Construction underway on TAP water line
Construction is underway on a water pipeline to bring Medford water to Ashland for potential emergency use late this summer.
Stacks of pipe and construction equipment along Highway 99 between Ashland and Talent mark where crews are working on the long-planned Talent-Ashland-Phoenix water pipeline. Medford-based Pilot Rock Excavation is digging for the pipe's installation.
For years, the TAP line has brought Medford water as far south as Talent, but this summer's construction will stretch the line to Ashland.
On-the-ground work on the Ashland segment began on June 3, said city of Ashland Senior Project Manager Morgan Wayman.
"We got almost 5,000 feet of pipe in the ground in a week. That's pretty amazing," Wayman said.
He said he believes the entire pipeline and a pump station can be finished in mid-August.
Ashland will begin supplementing its own water supplies with water from Medford if needed. Snowpack in the Ashland watershed above town is at extremely low levels and the Talent Irrigation District, which also brings water to Ashland, may shut off its water before mid-September because of drought.
"I'm extremely pleased with the speed at which the project is moving and very optimistic Medford Water Commission water will be available for use by the time TID shuts down," City Administrator Dave Kanner said.
He praised the city staff members and contractors working on the TAP project.
"Everyone is doing an incredible job to get this done," Kanner said.
The TAP pipeline can bring up to 2.3 million gallons of water per day to Ashland. Water use citywide can spike to 8 million gallons on hot summer days when people water lawns, gardens and landscaping.
It will be up to city officials to decide whether to actually use TAP water.
"The water will be there to be used if needed. It's a supplement. It will be available," Wayman said.
City officials already have warned residents they likely will face water curtailment measures this summer because of the drought.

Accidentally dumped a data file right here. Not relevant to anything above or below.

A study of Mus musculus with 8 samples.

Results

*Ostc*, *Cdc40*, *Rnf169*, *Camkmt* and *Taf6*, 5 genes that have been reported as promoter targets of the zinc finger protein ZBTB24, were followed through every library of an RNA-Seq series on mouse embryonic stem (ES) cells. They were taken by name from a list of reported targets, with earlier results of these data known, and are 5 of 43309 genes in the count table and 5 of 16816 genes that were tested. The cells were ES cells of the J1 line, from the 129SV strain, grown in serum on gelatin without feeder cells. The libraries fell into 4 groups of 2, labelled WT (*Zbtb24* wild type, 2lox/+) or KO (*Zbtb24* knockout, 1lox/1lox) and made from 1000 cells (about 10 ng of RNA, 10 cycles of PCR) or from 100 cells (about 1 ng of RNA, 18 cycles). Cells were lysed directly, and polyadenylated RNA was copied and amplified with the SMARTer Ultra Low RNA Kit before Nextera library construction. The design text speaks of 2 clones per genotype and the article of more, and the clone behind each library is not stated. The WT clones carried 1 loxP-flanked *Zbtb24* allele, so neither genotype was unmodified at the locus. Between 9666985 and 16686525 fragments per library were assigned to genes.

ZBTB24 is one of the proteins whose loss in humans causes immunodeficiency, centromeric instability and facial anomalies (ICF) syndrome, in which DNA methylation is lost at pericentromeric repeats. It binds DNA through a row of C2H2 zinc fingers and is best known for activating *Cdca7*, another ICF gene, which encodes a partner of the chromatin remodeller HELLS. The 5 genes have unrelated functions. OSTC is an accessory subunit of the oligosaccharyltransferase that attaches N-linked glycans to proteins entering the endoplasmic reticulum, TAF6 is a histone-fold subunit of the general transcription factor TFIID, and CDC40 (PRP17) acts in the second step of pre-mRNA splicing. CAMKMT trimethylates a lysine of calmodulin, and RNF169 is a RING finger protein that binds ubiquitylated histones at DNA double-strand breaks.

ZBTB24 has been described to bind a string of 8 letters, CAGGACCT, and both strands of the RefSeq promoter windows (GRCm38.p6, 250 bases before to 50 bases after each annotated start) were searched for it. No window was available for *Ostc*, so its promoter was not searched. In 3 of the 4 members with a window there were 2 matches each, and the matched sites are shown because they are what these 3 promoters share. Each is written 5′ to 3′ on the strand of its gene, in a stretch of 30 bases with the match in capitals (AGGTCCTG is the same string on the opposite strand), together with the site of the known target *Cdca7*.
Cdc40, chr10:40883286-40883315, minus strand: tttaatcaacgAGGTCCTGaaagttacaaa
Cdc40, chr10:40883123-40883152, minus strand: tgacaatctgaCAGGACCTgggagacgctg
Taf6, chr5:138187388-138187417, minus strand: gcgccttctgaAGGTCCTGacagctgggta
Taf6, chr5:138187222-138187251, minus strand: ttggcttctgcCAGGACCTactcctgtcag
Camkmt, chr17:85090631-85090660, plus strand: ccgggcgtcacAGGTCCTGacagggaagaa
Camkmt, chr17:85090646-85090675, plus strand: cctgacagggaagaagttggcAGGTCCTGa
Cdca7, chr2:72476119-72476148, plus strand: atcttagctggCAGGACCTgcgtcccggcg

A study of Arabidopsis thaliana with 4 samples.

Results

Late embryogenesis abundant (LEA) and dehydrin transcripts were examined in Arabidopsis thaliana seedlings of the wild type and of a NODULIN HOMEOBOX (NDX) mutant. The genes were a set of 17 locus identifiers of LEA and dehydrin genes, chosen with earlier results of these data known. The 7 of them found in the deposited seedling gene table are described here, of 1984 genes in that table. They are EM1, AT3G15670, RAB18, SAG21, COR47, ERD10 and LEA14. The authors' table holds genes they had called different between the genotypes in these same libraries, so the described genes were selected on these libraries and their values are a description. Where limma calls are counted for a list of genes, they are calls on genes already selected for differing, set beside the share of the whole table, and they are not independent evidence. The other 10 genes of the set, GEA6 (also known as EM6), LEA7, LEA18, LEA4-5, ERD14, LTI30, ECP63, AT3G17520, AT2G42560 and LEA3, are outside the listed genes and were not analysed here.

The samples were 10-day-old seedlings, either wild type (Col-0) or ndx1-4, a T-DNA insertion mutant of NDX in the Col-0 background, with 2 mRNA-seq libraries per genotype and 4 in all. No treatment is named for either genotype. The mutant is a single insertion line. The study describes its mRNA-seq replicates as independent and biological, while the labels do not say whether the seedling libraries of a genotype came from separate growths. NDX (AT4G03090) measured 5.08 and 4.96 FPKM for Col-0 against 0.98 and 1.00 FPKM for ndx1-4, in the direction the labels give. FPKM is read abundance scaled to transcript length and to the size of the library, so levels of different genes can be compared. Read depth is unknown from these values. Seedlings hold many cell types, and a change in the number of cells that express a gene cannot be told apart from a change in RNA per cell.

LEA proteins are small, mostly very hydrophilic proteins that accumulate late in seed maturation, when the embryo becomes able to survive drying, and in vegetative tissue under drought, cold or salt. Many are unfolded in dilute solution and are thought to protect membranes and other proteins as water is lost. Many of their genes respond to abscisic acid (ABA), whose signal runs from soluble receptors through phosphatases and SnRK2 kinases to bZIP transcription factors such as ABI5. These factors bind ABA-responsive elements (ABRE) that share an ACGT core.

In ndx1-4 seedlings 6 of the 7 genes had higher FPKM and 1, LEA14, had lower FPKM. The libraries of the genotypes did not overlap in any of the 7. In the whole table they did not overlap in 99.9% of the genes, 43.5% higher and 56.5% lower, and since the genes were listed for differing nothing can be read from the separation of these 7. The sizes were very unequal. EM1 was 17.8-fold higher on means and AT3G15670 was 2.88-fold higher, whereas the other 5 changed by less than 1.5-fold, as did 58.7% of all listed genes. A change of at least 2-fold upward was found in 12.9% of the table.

"Right now, the earliest any curtailment could begin is July 1, but it depends on how people do voluntarily conserving," Kanner said.
So far, water use has been fairly restrained and Reeder Reservoir in the watershed is full. But eventually more water will be drained from the reservoir for use than will flow in from the watershed.
If people conserve water and the city augments supplies with TID water, Ashland may avoid the most drastic water curtailment measures, Kanner said.
During stages one through three of curtailment, residents and businesses that use more than their allotted amount are charged four times normal water rates for the extra water. Customers must pay 10 times the normal rate for extra water used during stage four of curtailment.
Customers who use excessive water could be penalized with flow restriction devices or find their water service cut off.
The city has budgeted $4.3 million to design and build the TAP pipeline to Ashland. That figure includes a $947,000 contingency fund.
"I firmly believe the costs will be within what was budgeted," Wayman said.
Previous estimates put the cost of the project at $2.3 million, but an expedited schedule, construction cost increases and design changes to boost the pipeline's capacity from 1.5 million gallons per day to 2.3 million gallons per day raised the price tag.
For water conservation tips and information on conservation programs, visit http://ashland.or.us/Page.asp?NavID=1366.
Staff reporter Vickie Aldous can be reached at 541-776-4486 or firstname.lastname@example.org. Follow her at www.twitter.com/VickieAldous.